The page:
A new study finds a woman's use of prescription opioids during pregnancy increases the risk her baby will be born small or early.
Such use also raises the chance the baby will go through painful drug withdrawal, known as neonatal abstinence syndrome, HealthDay reports.
The study of more than 112,000 pregnant women in Tennessee found almost 28 percent used at least one prescription opioid, such as hydrocodone or oxycodone.
The risks to the baby increased if a woman also smoked or took antidepressants, the researchers report in Pediatrics.
Of the babies with neonatal abstinence syndrome, 65 percent had mothers that legally filled prescriptions for opioid pain relievers.
"Historically, drug withdrawal for newborns has been described among illicit drug use such as heroin or women treated for previous opioid abuse, but this is really one of the first studies to look at legal prescriptions for pregnant women," lead author Dr. Stephen Patrick of Vanderbilt University in Nashville said in a news release.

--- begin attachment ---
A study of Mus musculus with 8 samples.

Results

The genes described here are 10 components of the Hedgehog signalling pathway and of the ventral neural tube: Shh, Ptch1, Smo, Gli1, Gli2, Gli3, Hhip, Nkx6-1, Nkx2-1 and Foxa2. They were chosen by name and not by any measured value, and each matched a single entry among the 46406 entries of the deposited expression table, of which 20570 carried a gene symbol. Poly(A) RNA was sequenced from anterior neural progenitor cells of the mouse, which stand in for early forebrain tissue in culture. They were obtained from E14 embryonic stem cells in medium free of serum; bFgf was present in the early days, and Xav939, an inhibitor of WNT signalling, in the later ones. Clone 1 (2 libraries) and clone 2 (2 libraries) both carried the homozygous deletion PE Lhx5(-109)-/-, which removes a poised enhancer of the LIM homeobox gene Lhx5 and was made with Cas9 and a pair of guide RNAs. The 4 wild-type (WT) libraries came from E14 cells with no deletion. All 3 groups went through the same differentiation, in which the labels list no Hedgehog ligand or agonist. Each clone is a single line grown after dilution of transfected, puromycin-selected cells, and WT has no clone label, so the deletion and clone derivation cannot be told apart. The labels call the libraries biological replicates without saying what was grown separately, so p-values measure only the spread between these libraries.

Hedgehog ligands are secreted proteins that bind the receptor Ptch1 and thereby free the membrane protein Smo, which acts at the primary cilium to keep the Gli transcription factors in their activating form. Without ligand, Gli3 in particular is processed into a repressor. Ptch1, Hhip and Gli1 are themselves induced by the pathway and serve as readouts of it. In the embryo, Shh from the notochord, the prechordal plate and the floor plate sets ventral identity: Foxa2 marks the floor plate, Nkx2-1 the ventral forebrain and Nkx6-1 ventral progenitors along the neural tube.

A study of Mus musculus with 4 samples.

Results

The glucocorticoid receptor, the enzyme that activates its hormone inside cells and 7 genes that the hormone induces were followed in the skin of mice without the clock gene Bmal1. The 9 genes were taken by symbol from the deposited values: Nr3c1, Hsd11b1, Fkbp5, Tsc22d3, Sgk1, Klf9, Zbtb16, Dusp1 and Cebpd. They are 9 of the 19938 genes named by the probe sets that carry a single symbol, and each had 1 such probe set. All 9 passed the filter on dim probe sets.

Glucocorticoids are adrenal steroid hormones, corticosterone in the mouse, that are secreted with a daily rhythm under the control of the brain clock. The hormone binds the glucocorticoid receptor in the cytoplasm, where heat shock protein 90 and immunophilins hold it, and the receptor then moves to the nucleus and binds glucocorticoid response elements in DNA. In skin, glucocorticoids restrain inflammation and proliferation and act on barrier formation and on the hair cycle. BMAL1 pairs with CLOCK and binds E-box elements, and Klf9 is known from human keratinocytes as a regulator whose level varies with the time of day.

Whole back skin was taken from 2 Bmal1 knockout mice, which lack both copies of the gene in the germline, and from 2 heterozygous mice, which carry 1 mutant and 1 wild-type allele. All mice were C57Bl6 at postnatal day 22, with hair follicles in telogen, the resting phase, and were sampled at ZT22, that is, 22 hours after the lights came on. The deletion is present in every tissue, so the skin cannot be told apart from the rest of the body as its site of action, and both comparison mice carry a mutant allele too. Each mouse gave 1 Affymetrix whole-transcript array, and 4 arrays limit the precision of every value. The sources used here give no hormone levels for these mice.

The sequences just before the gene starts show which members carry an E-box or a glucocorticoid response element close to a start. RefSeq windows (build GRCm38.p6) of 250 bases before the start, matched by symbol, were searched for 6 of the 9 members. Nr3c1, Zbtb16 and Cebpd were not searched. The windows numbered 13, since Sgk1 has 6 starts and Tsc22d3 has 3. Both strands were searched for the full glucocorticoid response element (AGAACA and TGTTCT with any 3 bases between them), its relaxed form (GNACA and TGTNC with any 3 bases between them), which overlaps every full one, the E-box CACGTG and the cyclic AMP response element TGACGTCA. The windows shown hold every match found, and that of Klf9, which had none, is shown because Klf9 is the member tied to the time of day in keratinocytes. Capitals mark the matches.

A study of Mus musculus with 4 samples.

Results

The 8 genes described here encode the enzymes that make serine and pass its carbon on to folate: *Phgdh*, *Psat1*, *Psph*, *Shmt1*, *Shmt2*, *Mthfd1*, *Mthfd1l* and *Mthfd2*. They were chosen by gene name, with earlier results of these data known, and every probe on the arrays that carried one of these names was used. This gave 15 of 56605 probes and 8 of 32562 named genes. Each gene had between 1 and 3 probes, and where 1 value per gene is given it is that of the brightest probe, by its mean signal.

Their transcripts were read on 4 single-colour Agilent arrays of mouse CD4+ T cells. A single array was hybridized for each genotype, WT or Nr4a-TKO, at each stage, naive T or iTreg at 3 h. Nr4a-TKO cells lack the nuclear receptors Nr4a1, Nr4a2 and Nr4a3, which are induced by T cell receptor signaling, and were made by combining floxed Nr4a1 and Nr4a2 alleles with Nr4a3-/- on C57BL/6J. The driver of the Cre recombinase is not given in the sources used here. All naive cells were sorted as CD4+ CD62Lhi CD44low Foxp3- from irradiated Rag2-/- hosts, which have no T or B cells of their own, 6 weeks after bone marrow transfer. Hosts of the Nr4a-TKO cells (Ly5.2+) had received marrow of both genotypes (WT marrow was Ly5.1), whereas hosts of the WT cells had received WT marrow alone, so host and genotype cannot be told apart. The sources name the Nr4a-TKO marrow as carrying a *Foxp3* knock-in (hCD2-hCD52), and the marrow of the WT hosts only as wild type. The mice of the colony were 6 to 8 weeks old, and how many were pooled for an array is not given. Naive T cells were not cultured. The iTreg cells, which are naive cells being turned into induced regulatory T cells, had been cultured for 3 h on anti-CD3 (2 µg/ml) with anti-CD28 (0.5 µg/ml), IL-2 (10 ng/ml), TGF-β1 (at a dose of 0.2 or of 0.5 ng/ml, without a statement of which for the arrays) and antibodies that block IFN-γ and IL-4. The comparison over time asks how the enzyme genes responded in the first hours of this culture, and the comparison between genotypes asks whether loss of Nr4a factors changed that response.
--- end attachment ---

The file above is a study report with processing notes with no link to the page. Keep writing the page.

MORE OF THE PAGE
The study found 42 percent of the women prescribed opioids smoked during pregnancy, compared with 26 percent of the women not prescribed opioids. The more cigarettes a woman smoked each day, the more likely she was to give birth to a baby with neonatal abstinence syndrome.
Taking a type of antidepressant called selective serotonin reuptake inhibitors along with prescription opioids also doubled the risk of the syndrome. "Infants with neonatal abstinence syndrome have longer, more complicated birth hospitalizations," Patrick said.
Babies with neonatal abstinence syndrome were twice as likely to be born with a low birth weight, and were much more likely to have respiratory problems, feeding difficulties and seizures, compared with babies without the syndrome.